View Full Version : Country Ribs

04-13-2019, 09:10 PM
So my brother's company has been sponsor a local FFA girl who shows pigs for the last four years and she's graduating this year. As a thank you to my brother, she showed up at his shop with a huge assortment of meat from her last show pig that they slaughtered. Hands down the best thank you we've ever gotten. Anyways, he gave most of it to me and amongst the goodies are some country ribs. I gonna cook these along with some spare ribs tomorrow but Im not really sure what to do with the country ribs. Anybody got any suggestions? Ive never cooked them before.

04-13-2019, 09:21 PM
Treat them like baby backs. 2-2-1

04-13-2019, 09:29 PM
Treat them like baby backs. 2-2-1

Excellent. That's exactly what I needed to know.

04-13-2019, 10:41 PM
Interestingly enough, for those who do not know: country-style ribs, don't actually come from the ribs. Thus creating a confusing product name not understood by many. The name is taken from the fact that the meat borders the rib area and has a texture and flavor similar to the meat around the ribs, but this theory of how they were given the name was taken from an article I read a many years ago.

The North American Meat Processors Association says that country style ribs "shall be prepared from the blade end of a bone-in pork loin, and shall include not less the three ribs, and no more than six...

Country Style Ribs are cut from the blade end, just above or behind where the whole shoulder was taken off. Boneless Country Style Ribs can also be strips cut from thick pork shoulder steaks. This somewhat fatty economical cut is sold either bone-in or as boneless products. The meatiest variety of Country Style Ribs are cut from the sirloin or rib end of the pork loin and are usually labeled as "Pork Loin Country Style Ribs".

Also, Country Style Ribs are a great way to test multiple samples of rubs or sauces without the great expense of multiple racks of ribs. They cook in the same manner as ribs, they are very similar in texture and flavor as ribs, thus giving you an inexpensive platform to experiment with.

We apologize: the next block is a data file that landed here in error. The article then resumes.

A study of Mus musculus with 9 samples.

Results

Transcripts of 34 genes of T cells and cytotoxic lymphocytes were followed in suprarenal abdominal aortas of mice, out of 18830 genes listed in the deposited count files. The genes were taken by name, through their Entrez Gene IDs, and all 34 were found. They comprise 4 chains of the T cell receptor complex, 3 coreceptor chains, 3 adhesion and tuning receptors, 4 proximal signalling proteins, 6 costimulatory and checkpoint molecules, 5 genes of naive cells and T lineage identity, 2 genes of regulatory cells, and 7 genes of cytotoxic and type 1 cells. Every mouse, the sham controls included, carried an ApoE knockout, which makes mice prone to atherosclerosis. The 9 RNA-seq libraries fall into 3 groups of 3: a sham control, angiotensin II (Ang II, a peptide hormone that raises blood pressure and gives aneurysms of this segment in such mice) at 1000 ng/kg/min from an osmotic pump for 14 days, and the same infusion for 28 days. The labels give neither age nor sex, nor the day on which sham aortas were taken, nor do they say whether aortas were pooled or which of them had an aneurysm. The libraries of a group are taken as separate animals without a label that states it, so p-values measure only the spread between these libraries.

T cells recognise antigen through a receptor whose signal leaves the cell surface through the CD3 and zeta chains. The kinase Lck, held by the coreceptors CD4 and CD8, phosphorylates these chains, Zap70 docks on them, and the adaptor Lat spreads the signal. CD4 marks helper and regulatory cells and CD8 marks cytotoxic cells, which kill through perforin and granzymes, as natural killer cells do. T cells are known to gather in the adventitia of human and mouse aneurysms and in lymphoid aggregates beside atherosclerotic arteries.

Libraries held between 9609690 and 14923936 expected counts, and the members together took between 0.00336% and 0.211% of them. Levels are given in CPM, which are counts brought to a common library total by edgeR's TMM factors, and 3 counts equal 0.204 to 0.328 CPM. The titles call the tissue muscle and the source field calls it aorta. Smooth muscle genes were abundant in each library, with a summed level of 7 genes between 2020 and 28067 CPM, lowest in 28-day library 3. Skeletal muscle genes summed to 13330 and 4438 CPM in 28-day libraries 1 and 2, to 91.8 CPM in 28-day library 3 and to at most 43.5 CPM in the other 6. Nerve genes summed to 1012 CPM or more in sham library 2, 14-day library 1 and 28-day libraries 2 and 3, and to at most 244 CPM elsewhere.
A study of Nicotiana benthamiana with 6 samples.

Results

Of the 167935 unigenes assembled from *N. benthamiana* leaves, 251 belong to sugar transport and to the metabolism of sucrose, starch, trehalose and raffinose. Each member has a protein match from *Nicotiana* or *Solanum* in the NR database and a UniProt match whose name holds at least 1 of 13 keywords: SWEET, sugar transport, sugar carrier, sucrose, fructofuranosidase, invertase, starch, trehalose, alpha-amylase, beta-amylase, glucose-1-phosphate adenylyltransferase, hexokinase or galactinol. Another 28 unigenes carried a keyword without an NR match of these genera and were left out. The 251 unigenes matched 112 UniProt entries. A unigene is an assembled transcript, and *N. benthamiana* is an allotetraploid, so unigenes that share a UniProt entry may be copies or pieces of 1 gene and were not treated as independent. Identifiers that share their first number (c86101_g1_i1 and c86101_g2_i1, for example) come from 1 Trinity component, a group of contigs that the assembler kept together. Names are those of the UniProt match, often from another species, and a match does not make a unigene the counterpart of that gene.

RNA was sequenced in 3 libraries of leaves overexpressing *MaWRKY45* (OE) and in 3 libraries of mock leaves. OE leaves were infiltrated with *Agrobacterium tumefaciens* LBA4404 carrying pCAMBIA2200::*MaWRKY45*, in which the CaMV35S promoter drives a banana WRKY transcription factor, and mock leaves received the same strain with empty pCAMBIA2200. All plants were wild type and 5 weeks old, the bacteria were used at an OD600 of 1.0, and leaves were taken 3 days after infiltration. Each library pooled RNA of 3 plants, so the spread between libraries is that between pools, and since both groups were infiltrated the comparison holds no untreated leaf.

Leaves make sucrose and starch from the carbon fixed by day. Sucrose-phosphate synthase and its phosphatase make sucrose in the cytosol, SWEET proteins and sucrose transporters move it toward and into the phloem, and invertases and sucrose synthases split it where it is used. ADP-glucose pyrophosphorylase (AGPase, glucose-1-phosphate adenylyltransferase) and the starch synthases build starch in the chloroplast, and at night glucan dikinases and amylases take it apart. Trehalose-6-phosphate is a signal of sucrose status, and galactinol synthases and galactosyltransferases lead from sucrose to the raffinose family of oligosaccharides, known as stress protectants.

Some cook them in sauce, some sauce them after they are cooked, while some just rub them prior to cooking.

I agree cooking them like back ribs is a great choice.

When cooking lesser quantities I just cook them on the kettle and add some wood chunks.

I found some country style ribs reduced for quick sale.

I dusted them with "Phil's BBQ Gooba Dust", Phil's is a San Deigo Based BBQ Restraunt. I received the rub and the sauce through a Brethren Trading Post Sauce & Rub trade.

Lightly seared the country style ribs over the coals, then moved to the indirect side of the kettle.

Cooked with indirect heat with apple wood chunks until tender.

Sauced with Phil's BBQ Sauce before serving.


04-13-2019, 10:51 PM
Thanks IamMadMan. The first set I set out finally dethawed and I pretty much have exactly what you showed here. The spare ribs dethawed too and Im super excited about them. Best looking set of ribs Ive cooked in a while.

Gary Tomato
04-17-2019, 02:44 AM
This is how I do 'em; https://www.bbq-brethren.com/forum/showthread.php?t=206083

04-17-2019, 08:45 AM
I prefer to do CSR's over direct heat on the summit, hot and fast.

04-17-2019, 10:51 AM
Here's one of my cooks with CSRs


04-17-2019, 12:01 PM
Interestingly enough, for those who do not know: country-style ribs, don't actually come from the ribs. Thus creating a confusing product name not understood by many.

Yes indeed. It is my understanding they are a pork butt that has been cut up. (The pork butt doesn't actually come from the pig's butt either. :laugh: )

Big George's BBQ
04-17-2019, 12:38 PM
Those are Good Eats

04-17-2019, 04:01 PM
Great thread... thanks for all who shared. I learn so much here! A Master Class in CSR’s!